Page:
Editorial discusses the success of the Reach Out and Read program that is found in many pediatricians' offices.
It's likely that reading has also brought you joy, satisfaction, sadness, and pleasure. For most of us, our first experiences with printed words were through hearing them pronounced by a parent or grandparent, accom-panied by sound effects, open-eyed expressions, and questions about the pictures that went with the words.
Even if we don't remember our own first experiences with books, we remember the wonder and curiosity on the faces of children-our own or someone else's-as we introduced them to the association between the pictures on the page, the letters that accompany those pictures, and the words that describe them. We don't usually think of that bedtime reading ritual of early childhood as a gift, but it is, in fact, a gift that enriches the learning experiences of children throughout their lives.
The program has been bolstered by now-robust research demonstrating enhanced language development and school readiness, improved vocabulary, and increases in IQ scores for the children participating. These positive effects have been shown to persist into the elementary school years.
Perhaps equally important as the intellectual gains achieved, parents whose children receive a book at their clinic visit are more likely than control parents to report that reading aloud to their child is a favorite activity. In fact, one study demonstrated an eight-fold increase in the number of parents who enjoyed reading to their children.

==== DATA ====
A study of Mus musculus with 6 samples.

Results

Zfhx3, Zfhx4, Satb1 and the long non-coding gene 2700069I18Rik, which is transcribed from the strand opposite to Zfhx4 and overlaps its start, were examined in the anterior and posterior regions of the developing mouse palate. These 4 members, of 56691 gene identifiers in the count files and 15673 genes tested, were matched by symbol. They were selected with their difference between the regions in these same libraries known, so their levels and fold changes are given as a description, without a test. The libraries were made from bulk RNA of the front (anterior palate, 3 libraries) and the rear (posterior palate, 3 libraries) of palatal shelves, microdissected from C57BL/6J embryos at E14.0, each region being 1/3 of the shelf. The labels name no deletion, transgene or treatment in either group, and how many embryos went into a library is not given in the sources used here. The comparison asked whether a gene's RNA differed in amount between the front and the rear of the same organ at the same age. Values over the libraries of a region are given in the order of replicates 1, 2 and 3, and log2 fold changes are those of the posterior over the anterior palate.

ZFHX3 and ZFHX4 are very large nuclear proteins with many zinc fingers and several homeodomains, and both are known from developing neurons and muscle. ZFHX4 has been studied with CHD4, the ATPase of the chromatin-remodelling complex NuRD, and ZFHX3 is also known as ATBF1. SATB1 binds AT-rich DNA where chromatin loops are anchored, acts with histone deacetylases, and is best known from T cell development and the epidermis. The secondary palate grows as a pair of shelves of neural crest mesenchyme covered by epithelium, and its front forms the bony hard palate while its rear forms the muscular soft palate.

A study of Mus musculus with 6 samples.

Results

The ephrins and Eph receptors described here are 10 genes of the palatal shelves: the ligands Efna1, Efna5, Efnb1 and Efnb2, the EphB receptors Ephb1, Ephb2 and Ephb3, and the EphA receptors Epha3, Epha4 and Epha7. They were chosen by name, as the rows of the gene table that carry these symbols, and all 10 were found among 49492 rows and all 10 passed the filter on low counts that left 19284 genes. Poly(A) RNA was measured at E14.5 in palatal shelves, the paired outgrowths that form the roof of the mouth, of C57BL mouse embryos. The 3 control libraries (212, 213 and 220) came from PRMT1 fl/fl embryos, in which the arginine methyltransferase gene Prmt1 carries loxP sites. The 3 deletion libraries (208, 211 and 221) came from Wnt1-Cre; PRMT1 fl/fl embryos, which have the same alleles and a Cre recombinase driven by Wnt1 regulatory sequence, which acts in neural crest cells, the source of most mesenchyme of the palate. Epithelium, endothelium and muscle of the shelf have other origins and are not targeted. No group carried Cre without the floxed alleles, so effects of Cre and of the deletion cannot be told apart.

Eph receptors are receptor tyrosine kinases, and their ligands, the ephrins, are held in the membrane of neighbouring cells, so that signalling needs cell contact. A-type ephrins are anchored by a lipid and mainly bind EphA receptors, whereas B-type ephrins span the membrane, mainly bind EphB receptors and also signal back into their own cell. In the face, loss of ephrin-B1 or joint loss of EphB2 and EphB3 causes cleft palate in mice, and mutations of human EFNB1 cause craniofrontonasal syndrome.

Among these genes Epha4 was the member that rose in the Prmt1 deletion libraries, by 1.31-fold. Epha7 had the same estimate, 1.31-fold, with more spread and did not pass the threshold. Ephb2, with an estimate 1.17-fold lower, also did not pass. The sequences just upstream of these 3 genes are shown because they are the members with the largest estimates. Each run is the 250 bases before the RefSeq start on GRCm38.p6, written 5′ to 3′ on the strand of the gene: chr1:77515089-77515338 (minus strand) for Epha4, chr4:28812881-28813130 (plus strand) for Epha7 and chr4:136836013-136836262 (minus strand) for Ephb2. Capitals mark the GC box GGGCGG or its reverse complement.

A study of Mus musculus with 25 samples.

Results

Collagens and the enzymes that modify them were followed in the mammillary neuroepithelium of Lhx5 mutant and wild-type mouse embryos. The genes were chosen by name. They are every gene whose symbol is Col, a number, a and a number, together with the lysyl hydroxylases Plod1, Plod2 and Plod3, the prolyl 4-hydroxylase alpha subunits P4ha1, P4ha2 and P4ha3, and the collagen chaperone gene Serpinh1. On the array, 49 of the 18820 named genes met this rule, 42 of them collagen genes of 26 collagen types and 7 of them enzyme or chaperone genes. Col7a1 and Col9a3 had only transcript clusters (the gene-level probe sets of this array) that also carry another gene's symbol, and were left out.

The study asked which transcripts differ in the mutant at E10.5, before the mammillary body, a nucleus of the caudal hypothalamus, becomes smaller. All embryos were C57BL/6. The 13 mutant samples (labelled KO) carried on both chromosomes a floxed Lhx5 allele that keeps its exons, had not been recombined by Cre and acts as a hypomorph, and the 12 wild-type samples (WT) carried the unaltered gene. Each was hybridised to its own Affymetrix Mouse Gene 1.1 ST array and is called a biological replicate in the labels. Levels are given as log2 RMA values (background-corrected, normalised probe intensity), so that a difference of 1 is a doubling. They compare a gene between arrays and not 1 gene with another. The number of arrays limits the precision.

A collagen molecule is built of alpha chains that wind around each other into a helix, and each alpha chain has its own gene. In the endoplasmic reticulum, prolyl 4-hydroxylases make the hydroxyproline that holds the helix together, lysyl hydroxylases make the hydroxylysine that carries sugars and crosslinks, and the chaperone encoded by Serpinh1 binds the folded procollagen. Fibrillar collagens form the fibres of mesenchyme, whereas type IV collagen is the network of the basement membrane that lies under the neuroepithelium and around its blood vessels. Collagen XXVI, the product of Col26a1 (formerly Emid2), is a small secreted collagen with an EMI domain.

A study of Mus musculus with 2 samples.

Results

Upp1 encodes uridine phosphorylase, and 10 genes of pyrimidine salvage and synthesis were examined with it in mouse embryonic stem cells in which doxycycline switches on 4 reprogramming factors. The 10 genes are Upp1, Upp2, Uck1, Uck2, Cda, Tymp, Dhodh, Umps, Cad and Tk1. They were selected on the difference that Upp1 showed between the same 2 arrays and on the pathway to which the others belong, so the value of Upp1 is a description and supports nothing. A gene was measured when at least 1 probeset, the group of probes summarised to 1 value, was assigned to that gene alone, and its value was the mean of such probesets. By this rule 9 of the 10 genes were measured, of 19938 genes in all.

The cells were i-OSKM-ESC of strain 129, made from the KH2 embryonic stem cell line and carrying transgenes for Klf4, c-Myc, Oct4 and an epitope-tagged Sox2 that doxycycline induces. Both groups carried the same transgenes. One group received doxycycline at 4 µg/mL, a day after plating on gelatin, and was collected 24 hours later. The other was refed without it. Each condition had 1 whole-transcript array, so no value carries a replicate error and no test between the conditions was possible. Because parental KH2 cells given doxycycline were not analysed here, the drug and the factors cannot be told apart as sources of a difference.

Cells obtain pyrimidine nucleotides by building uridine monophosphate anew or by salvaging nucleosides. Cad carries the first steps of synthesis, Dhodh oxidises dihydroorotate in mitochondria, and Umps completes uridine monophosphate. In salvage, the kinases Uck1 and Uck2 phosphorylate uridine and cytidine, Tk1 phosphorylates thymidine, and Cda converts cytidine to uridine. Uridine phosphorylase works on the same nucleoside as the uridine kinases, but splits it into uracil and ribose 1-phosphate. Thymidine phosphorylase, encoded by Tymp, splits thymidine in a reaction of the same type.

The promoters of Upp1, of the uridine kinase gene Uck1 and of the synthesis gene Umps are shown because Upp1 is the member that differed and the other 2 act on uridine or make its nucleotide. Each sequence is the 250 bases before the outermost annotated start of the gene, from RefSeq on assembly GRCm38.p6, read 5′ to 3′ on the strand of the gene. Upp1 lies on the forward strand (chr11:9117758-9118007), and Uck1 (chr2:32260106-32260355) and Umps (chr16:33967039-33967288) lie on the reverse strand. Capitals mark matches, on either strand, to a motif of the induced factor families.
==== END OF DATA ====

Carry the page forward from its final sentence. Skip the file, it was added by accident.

The careful research undertaken in Boston and at other sites has been convincing enough to public and private funders that $22 million each year is now provided by federal and state governments, as well as by foundations and corporations.
Through this program, approximately 3.5 million children in all 50 states received a total of 5.7 million books in 2008. That's a lot of bedtime reading pleasure!
For those of us who treasure memories of snuggling in bed with a young child and reading favorite books over and over until the child has memorized the words, it's difficult to imagine that only about 40% of children are read to regularly by their parents. This fraction is even smaller in lower-income families. Through ROR, $40 per child buys a head start on the skills needed to learn and succeed. It also buys a lifetime of memories for both the parent and the child.
Dr. McMillan, editor-in-chief of Contemporary Pediatrics, is professor of pediatrics, vice chair for pediatric education, and director of the pediatric residency training program, Johns Hopkins University School of Medicine, Baltimore.